Owner: City of Vancouver
Creekside Paddling Centre
Located in near the urban core of Vancouver, this floating facility serves the huge demand for public padding programs in False Creek by providing instruction, boats and equipment for public use, and hosting paddling competitions – including North America’s largest Dragon Boat Festival. The concept – a linear array of floating modules – addresses the principle design problems of the project in a single gesture, including issues of: context, site, program, budget, schedule and sustainability.
This remarkably small paddling centre handles the largest volume of paddlers on the continent, accommodating the moorage of 20 dragon boats in boat slips, and storage of over 50 smaller watercraft and equipment. During peak use, upwards of 1,200 dragon boaters launch from the site (400 at a time) during each practice session, with the interim periods occupied by users of smaller craft, and community outreach programs. Locating the program space on the water, sharing support space with the community centre, and calibrating the design’s size and arrangement to the suit the particular functional needs of paddlers has lead to effective use of precious waterfront. Arraying the program across the site in small modules handles the volume of users and divides the cohort into manageable groups. The flexibility and ability to grow, inherent to modularity, will allow the paddling programs to grow and evolve.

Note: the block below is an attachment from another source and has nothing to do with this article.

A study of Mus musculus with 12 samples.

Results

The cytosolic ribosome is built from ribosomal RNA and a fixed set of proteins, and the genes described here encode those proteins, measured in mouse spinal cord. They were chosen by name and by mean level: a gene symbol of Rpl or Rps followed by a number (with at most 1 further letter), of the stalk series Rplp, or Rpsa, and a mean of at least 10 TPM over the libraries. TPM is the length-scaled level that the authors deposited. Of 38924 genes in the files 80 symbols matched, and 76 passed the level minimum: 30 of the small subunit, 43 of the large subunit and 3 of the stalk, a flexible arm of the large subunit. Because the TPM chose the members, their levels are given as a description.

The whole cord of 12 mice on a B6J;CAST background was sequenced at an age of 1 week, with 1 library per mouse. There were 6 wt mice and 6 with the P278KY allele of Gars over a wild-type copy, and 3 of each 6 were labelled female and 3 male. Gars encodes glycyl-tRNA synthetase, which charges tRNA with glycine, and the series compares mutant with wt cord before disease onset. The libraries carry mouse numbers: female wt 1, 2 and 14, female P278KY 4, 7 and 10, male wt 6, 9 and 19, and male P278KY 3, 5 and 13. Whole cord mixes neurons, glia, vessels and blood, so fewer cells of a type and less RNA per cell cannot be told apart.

The site is surrounded by the new condominiums of Olympic Village and fronts both Creekside Community Centre and the popular seawall trail system; Thus, an emphasis on maintaining public access to views of the water was paramount – and achieved by breaking the mass of the facility into a series of smaller components. Expressed as floating lanterns, the sheds are intended to enhance the public’s experience.
A modular approach also improved construction speed and efficiency, and reduced the environmental impact. Prefabrication of units off-site allowed quick installation during the brief time frame where fish spawning is not compromised. Combined with a layout that does not disturb the sensitive intertidal zone, and an anchoring system that does not disturb the ocean floor, the project mitigates the impact of construction on the sensitive marine ecosystem.